English students ‘can have a high degree of confidence’ exams will be online again
Durham is expected to announce at the end of October about whether all exams will be online again
The Durham University English Department has an announced in an email to all undergraduate English students, that the end of year exams will almost definitely be online again this summer.
Professor John Nash, the Head of Department for English, said in the email that students “can have a high degree of confidence that the overall, general format of exams will be similar to those you have taken in the past two years (if you are current L2 and L3).”
All English exams held for the past two academic years have been online, meaning that Professor Nash all but confirms the same format again for this year. However, he adds that the specific exam format for each module will be confirmed in Epiphany Term, as is usual.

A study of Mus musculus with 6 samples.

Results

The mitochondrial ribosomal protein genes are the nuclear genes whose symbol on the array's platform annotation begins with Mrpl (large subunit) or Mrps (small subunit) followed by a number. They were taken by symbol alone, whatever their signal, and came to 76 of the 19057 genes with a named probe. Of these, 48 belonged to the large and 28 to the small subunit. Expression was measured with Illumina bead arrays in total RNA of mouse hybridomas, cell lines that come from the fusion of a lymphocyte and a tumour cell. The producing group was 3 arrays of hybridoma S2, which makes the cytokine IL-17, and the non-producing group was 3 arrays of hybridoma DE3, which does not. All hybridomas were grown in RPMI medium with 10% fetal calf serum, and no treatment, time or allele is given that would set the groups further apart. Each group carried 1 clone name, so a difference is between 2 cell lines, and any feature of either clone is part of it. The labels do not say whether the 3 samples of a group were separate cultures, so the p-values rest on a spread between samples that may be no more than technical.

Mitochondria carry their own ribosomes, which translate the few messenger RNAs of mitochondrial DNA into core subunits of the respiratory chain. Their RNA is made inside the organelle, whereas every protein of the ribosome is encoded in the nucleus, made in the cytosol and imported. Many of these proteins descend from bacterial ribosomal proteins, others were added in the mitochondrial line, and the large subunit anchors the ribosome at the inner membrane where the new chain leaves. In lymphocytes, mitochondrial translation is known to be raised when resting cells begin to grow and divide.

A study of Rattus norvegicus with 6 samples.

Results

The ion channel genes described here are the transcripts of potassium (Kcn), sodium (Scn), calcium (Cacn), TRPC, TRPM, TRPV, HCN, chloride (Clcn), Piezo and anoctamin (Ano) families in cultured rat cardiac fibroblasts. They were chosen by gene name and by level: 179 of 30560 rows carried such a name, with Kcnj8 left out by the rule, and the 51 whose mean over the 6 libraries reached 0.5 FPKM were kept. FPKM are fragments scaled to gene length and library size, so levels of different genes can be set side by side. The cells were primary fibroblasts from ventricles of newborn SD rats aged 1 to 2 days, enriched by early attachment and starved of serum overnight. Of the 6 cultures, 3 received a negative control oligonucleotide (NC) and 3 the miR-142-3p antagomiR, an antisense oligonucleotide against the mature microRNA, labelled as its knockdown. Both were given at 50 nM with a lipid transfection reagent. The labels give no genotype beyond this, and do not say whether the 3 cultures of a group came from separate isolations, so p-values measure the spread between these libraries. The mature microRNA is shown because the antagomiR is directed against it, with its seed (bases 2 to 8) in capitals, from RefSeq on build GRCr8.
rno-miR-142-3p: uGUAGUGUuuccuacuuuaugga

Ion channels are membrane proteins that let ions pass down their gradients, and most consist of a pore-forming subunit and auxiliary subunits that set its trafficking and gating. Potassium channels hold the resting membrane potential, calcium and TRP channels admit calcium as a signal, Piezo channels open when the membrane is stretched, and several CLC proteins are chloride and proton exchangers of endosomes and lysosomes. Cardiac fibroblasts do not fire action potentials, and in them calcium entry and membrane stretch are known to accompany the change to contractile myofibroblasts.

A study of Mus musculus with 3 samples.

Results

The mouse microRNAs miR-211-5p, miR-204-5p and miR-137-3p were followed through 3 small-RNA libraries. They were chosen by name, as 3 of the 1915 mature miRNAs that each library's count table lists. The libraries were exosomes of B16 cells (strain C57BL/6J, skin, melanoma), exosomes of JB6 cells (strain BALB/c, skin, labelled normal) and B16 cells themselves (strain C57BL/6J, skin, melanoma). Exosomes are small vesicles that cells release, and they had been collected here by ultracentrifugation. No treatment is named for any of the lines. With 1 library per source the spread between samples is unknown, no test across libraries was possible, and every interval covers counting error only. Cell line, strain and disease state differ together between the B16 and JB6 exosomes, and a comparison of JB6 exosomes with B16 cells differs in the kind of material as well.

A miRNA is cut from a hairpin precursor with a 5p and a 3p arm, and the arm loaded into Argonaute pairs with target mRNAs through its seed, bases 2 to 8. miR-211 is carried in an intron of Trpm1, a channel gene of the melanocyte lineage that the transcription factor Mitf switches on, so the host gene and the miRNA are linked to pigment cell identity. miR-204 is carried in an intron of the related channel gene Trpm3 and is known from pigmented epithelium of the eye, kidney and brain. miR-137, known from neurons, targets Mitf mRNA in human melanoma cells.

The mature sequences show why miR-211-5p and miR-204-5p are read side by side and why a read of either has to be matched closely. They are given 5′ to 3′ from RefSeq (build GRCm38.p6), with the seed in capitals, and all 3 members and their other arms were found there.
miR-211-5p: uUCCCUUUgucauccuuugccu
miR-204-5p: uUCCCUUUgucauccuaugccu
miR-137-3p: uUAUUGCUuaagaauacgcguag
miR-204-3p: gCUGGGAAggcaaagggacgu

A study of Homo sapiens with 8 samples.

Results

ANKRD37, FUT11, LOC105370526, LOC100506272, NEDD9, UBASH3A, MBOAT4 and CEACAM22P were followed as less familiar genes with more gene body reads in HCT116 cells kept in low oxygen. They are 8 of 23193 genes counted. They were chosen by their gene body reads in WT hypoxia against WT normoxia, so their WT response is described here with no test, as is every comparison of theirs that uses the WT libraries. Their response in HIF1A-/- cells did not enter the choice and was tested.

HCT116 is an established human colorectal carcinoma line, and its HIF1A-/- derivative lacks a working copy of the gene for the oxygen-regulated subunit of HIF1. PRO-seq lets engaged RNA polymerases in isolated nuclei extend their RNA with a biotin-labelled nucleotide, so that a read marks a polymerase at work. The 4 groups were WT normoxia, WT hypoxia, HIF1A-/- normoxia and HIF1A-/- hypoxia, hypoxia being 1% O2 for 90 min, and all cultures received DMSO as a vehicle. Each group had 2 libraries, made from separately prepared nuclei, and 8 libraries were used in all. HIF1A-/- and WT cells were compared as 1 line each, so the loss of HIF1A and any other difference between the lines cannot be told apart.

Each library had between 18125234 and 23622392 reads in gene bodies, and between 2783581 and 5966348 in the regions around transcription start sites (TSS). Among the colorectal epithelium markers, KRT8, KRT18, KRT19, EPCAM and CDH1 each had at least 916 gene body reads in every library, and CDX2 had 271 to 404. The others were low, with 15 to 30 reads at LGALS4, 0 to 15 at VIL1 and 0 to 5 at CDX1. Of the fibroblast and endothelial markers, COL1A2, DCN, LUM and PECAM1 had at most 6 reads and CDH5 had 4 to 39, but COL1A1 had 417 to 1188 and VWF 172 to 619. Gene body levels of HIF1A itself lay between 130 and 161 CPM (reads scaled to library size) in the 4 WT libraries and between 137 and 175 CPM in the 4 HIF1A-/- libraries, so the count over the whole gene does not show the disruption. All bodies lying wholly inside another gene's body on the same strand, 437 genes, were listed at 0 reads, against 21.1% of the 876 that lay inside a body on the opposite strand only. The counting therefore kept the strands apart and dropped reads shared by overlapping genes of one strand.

The email also informs students that the University is expected to announce whether all exams will be held online again at the end of October.
This decision is reportedly reaching a conclusion after consulting students and staff over the summer, and comparing data “on various attainment gaps in online and in-person exams”.
The English Department conducted its own student and staff survey on the matter, which found that “online exams (of a standard 2 or 3 hour duration, undertaken over a 24 hour period) work well in English, that they offer a good reflection of expected student attainment and a fair challenge, and have the support of a large majority of students at L2 and L3”.
Whilst Professor Nash impressed the Department’s “clear direction” in how exams will be held, he noted that some modules, such as Old English, may be in person due to the testing of language acquisition, which may be more heavily benefitted by being held online.
First year students who have not sat an online exam before will be invited to sessions explaining the process of online exams, depending on the University’s decision at the end of the month. The preparation of these sessions further hints to how exams are expected to be held.
The email ends with Professor Nash’s hope that the information is “reassuring”, and asks students not to contact module convenors, who will not know anything about the decision until the University’s announcement.